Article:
A survey of North American men and women revealed that the most coveted item for this holiday season is a high-definition television. With flat-panel displays becoming more affordable than ever, many consumers will be making the leap to high-definition.

With the majority of television programming still broadcasted in standard definition, perhaps the best source of HD content today is from a Blu-ray Disc or HD DVD player. The two warring high-definition formats know that this holiday season will be critical in their fight, and are now launching their offensives.

Backers of Blu-ray Disc this week held what it called the “Blu-ray Festival” in hopes to win over the minds of print and online journalists, according to HomeMedia Magazine. The media event occurred alongside the new Blu-ray Disc marketing campaign, which now carries the tagline, “I Do Blu.” With today’s release of Spider-Man 3, and the upcoming releases of Cars, Ratatouille, Pirates of the Caribbean and the Die Hard movies, Blu-ray Disc hopes to have a record season.

Although the release of Transformers on HD DVD sold quickly enough to set records, the Blu-ray Disc camp was quick to rain on that parade. Given to attendees of the event was a fact sheet showing that Blu-ray Disc sales during the week of October 16 managed to out sell the rival format. The sheet also lists sales of Blu-ray Disc accounting for 61 percent of all high-definition disc sales.

Blu-ray Disc-exclusive studio 20th Century Fox’s president Mike Dunn spoke out against rival studio Paramount for “taking the bait” in its decision to release high-definition movies exclusively on HD DVD. Dunn also suggested that a certain large, HD DVD-backing corporation is purposely confusing the high-definition battle in hopes that consumers will go the way of digital downloads.

The report believes that Dunn was referring to Microsoft when he blasted “the orchestrated campaigns of confusion and anti-consumerism fueled by an 800-pound gorilla that would prefer to force us all into the practice of paying tolls for the right to exchange information and enjoy entertainment.”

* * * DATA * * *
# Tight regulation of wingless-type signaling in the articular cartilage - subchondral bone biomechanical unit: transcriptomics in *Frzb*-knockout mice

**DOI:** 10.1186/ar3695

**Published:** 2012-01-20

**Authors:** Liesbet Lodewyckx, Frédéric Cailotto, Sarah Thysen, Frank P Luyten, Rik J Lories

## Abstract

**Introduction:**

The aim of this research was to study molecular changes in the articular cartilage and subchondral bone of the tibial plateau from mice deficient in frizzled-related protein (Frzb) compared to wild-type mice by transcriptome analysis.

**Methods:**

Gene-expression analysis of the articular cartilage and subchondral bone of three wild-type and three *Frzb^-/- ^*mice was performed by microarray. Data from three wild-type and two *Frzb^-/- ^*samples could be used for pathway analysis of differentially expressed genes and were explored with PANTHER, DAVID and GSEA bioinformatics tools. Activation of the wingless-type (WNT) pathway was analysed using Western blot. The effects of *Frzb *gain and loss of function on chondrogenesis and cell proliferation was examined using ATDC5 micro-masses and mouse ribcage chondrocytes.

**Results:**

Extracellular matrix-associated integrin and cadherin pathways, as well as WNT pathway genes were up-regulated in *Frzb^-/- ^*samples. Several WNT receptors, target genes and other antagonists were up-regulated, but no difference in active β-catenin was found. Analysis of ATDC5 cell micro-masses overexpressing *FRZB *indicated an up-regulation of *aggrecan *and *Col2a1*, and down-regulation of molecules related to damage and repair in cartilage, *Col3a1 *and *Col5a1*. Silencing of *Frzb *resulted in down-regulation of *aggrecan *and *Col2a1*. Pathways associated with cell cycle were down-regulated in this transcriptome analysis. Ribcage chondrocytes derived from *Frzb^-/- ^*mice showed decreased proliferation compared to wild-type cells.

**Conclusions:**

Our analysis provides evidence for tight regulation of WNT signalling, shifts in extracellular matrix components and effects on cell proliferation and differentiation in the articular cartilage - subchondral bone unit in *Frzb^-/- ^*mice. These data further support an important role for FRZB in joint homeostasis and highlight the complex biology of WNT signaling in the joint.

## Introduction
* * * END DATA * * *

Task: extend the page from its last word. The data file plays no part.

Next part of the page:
Meanwhile, the HD DVD camp has been rather quiet but still making moves with sub-$200 HD DVD players for sale at Wal-Mart, CircuitCity and Amazon.



By djc208 on 10/31/2007 7:31:30 AM , Rating: 2
Sony can have all the "we're better" parties it wants, in the end the guy who just splurged on a new HD TV at Wal-Mart or Circuit City isn't going to spend almost as much on a Blue Ray player. But they can pick up a Visio 32" LCD and HD-DVD player and even with taxes barely break $1000.
The lower HD-DVD player price is going to do a lot more for the HD-DVD side than a few news stories and sound bites will for Blue-Ray.

At $200 I'm seriously considering an HD-DVD player, I spend more than much on Gas in your average month (which is just kind of sad considering I live 5 miles from work). I think Christmas will see a huge boost to the HD-DVD player numbers.




RE: Useless move?
By FITCamaro on 10/31/2007 9:23:48 AM , Rating: 2
quote:
At $200 I'm seriously considering an HD-DVD player


I actually almost went to Circuit City this weekend and picked up an HD-A2. But I decided to wait. I'll get one when they're $100. Really whats stopping me is the price of HD movies. I want to pay $15 for a movie. Not $25.


RE: Useless move?
By AlexWade on 10/31/2007 12:51:12 PM , Rating: 2
Sony and the entire BDA act like spoiled brats. Whenever any good news comes about HD DVD, they have to go offensive. They make and re-make claims they have won. And look where we are at today. No clear winner. Rumors are abounding that WB is watching the sub $200 HD DVD players very carefully. The speculation is if these players sell well, WB will go HD DVD only. These are just rumors and should be treated as such. However, if WB goes exclusive to HD DVD, no press release or ad will save Blu-Ray. Conversely, if WB goes Blu-Ray exclusive, HD DVD is done.